BERKELEY -- Accompanied by rhythms of the Liberation Brass Band, more than 100 advocates of increasing the city's minimum wage marched Wednesday from the downtown BART station to a Labor Commission meeting at the North Berkeley Senior Center, blocking traffic when they stopped to chant for better wages outside the McDonald's at Shattuck and University avenues.

Events focusing on raising national, state and local minimum wages were held July 24 in some 30 cities across the country.

In Berkeley, the focus was to speak before the Labor Commission, tasked by the City Council to write an ordinance setting a local minimum wage at $10.55 per hour, up from the state minimum of $8 per hour.

But, while agreeing with the concept of a minimum wage hike, some came to the meeting to tell commissioners that raising the minimum wage across-the-board is not the way to go. A half-dozen members of the Berkeley Restaurant Alliance called for the exclusion of tipped workers.

Eric Fenster, co-owner of Gather Restaurant, said the earnings of his tipped employees are two to three times those of workers who don't get tips. "That disparity keeps on growing," he said, "and this will only further alienate people who are making less."

He explained that every dollar increase in a full-time employee salary costs $2,500 per year. "Forty employees -- we're looking at $100,000," he said.

Todd Kniess, owner of Bistro Liaison, whose servers also earn $25 to $30 an hour with tips, said if he increases the base wage of servers to $10.55, he won't have funds for raises for dishwashers, bussers and cooks, who already earn more than minimum wage.

"There isn't anyone in our restaurant that makes minimum wage, other than servers," he said.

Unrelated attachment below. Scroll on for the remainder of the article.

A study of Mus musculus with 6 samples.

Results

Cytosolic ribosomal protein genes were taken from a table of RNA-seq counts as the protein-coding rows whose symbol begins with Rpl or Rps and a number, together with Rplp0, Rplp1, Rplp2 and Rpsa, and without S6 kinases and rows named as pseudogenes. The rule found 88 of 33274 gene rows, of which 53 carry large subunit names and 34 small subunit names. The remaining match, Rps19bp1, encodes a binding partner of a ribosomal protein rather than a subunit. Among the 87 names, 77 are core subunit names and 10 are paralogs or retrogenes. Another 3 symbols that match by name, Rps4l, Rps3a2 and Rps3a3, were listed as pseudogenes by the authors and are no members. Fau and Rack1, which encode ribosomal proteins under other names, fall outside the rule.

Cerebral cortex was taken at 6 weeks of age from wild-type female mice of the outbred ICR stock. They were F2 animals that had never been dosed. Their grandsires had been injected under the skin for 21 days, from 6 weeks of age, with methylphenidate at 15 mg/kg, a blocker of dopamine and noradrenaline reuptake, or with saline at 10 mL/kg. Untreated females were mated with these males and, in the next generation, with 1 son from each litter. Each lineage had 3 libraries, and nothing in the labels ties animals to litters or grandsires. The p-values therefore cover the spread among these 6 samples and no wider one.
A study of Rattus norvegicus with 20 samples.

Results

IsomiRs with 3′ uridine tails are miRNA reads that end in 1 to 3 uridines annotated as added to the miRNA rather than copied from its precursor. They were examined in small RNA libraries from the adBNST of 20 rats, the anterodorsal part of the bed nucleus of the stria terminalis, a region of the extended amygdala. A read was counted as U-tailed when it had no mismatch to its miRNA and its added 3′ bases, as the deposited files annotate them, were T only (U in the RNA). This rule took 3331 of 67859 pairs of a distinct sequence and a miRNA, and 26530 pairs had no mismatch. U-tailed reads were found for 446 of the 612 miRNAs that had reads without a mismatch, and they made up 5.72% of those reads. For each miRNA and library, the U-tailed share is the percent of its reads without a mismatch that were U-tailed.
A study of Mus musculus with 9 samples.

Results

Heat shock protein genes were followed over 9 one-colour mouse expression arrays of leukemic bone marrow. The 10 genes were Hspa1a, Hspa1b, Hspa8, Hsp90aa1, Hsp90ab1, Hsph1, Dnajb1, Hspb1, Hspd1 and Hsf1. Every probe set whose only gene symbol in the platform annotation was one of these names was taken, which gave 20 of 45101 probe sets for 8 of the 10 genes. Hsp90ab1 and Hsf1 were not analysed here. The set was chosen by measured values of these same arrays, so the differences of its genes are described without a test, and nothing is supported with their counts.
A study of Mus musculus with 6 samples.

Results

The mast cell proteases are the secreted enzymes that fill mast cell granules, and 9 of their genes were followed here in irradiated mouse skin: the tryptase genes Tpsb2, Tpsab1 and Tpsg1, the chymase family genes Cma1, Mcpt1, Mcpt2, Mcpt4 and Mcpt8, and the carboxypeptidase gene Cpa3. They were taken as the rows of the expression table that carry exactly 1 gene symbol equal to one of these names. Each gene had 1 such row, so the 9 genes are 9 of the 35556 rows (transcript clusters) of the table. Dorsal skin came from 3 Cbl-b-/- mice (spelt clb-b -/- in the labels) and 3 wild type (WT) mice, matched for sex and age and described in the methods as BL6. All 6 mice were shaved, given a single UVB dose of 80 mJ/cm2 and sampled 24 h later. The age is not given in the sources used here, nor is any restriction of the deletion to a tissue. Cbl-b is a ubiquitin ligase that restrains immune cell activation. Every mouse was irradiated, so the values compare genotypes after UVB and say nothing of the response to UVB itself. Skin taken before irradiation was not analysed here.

Most of the standing-room-only crowd argued for an across-the-board minimum wage hike.

They contended that servers in only a limited number of upscale restaurants earn more than $20 per hour in tips, that many restaurants do not provide health care benefits and that most servers don't work full time. McDonald's worker Michael Maxry testified that he had to move back home with his parents; Jack-in-the-Box worker Jesus Renada works two jobs; a Kentucky Fried Chicken worker said she's on food stamps.

Cassandra Christmas, who once worked minimum wage jobs, said she knows what it's like to choose which bills to pay. She pointed out that the proposed minimum wage increase brings wages to only around $1,700 per month.

"Raising the minimum wage to $10.55 is not enough, but it will be a step in the right direction," she said.

The average rent for a one-bedroom apartment in Berkeley is $1,325, according to the Rent Stabilization Board. And it takes $27,456 per year to meet the basic needs of an Alameda County resident, according to a May 2013 Alameda County Health Department report.

San Francisco's minimum wage, effective Jan. 1, 2013 is at $10.55, the highest in the country. San Jose's voter-approved $10 minimum wage kicked in last March.

The Berkeley Chamber of Commerce has yet to weigh in on the question.

Chamber CEO Polly Armstrong said concerns go beyond tipped workers. She talked about a travel agency where young people work for minimum wage to learn the complex business. "If they had to raise it to $10.50 an hour, they say they wouldn't be able to bring these people in and ultimately the travel agency would close," she said.

Armstrong also expressed concern for new businesses. "There's no business that can start with wages at that level," she said.

With so much anecdotal testimony, commissioners, in discussion after the public spoke, said they need more facts about Berkeley's minimum wage earners and the consequences of raising wages.

A subcommittee will work with city staff to collect data and bring it to the next full commission meeting, tentatively set for Aug. 20.